Nebraska legislators have passed a bill to ensure flavored malt beverages are taxed as beer rather than at the far higher rate for distilled spirits. The bill is awaiting the governor’s signature.
Forty-seven states and the federal government define flavored malt beverages (FMBs)—sweetened alcoholic malt beverages—as beer. In Nebraska, however, a Prohibition-era law strictly distinguishes beer from distilled spirits.
With the advent of hybrid products such as FMBs, the Nebraska Liquor Control Commission aligned the state’s policy with federal guidelines and classified them as beer, thus allowing Nebraska beer-only licensees to sell the product and for FMBs to be taxed at the same rate as beer—31 cents per gallon—as opposed to the $3.75 per gallon rate applied to spirits.
Response to Ruling
In March, however, the Nebraska Supreme Court struck down that decision when ruling on a suit brought by activists for preventing underage drinking. The court ruled the liquor commission had overstepped its authority in redefining state liquor law and stated the classification must be made by the legislature.
Anticipating the court’s decision, Nebraska Sen. Russ Karpisek (Wilber) introduced a bill (LB 824) to amend the 1935 Nebraska Liquor Control Act to explicitly include flavored malt beverages within the act’s definition of beer. The bill passed the legislature with a 37-6 vote and was presented to Gov. Dave Heineman (R).
As law, the amended definition would provide much-needed consistency for consumers, retailers, and producers, according to supporters.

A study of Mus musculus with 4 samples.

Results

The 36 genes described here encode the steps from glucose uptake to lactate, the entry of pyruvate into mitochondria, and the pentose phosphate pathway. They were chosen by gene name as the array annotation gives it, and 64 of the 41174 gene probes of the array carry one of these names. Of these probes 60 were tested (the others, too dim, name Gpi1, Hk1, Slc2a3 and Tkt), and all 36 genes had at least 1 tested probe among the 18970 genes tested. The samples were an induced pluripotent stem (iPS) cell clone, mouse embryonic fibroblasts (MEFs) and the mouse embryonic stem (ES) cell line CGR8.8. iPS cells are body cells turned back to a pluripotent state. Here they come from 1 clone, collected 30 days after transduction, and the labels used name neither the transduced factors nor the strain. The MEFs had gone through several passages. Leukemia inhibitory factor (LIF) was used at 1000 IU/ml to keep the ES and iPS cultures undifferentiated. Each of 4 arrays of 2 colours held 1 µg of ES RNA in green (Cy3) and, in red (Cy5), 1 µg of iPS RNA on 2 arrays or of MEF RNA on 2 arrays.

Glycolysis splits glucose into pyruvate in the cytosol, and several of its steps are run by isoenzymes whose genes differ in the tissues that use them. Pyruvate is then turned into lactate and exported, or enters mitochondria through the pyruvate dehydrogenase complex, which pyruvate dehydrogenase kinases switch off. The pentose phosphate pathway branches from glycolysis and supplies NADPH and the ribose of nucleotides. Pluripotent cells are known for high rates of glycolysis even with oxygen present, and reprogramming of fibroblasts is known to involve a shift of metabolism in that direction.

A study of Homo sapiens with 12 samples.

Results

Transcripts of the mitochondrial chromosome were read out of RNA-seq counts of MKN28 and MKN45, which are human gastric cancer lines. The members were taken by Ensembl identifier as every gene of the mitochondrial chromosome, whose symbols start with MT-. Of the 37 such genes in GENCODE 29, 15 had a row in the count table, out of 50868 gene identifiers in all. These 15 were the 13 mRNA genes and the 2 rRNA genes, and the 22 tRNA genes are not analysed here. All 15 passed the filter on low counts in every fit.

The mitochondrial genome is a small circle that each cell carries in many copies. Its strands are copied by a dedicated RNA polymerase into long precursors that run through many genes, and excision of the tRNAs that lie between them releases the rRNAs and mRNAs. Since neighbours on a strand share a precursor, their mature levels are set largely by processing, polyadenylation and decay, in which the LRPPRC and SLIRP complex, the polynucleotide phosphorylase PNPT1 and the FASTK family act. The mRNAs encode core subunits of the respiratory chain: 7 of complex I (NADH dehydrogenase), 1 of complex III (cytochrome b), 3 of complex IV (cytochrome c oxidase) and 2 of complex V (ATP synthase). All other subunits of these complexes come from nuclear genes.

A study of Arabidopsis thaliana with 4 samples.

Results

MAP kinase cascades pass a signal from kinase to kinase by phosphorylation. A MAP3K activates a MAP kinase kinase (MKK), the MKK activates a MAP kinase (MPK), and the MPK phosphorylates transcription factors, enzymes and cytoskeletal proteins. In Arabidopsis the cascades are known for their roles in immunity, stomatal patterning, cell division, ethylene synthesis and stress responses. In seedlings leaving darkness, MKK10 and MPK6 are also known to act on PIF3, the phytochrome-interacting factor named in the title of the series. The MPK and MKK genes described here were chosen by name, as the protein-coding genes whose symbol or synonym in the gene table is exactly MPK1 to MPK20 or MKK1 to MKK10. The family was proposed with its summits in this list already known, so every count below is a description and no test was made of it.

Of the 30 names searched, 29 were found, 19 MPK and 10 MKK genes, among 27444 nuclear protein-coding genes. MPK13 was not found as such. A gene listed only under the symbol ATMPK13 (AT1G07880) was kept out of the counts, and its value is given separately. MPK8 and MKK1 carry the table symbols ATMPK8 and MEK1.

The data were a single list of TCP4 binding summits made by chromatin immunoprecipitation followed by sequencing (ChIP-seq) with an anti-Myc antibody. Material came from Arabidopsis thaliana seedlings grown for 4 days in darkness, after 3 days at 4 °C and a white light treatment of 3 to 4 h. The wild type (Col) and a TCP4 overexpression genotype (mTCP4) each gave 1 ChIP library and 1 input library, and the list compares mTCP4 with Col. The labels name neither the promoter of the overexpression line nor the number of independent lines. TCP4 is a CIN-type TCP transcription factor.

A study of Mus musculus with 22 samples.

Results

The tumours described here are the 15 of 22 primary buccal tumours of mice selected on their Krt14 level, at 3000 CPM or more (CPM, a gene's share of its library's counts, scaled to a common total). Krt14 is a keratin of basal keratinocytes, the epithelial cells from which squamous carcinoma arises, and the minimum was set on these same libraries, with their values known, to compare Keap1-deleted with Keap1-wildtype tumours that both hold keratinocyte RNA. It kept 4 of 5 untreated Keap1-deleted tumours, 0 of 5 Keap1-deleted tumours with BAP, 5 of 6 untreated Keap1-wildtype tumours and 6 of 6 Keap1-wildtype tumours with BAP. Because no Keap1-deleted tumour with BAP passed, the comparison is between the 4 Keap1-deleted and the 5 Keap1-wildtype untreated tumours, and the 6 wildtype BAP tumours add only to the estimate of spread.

“There are a lot of retailers, pizza places, and gas stations in Nebraska that have beer-only licenses,” said Karpisek. “They wouldn’t be allowed to sell FMBs if they were defined as liquor.”
Could Lose Market
“We’ve heard from beer-only retailers telling us that if FMBs were taxed as spirits, they’d take them off their shelves,” said Sen. Colby Coash (Lincoln). “Most would not get an extra liquor license. You’d lose the market.”
Coash said without the law consumers would bear the brunt of a higher tax. “You would be decreasing access to the product among legal-aged drinkers.”
Opponents argue the higher tax on FMBs, or “alcopops” as critics call them, would reduce underage drinking.
“Alcopops come in colorful, attractive packaging. They are sweet and easy to drink and appealing to young people,” argued Nebraska Sen. John Harms (Scotts Bluff County) in a hearing to amend the bill. “The more expensive the product, the less teenagers will go after it.”
In response, Karpisek said evidence suggests underage drinkers prefer hard liquor and flavored vodkas that are already taxed as spirits.
“Singling out FMBs is not going to curtail underage drinking. FMBs will remain illegal for people under 21, and we haven’t seen any documented correlation between underage drinking and this product,” Karpisek said.
Brien Farley ([email protected]) writes from Genesee, Wisconsin.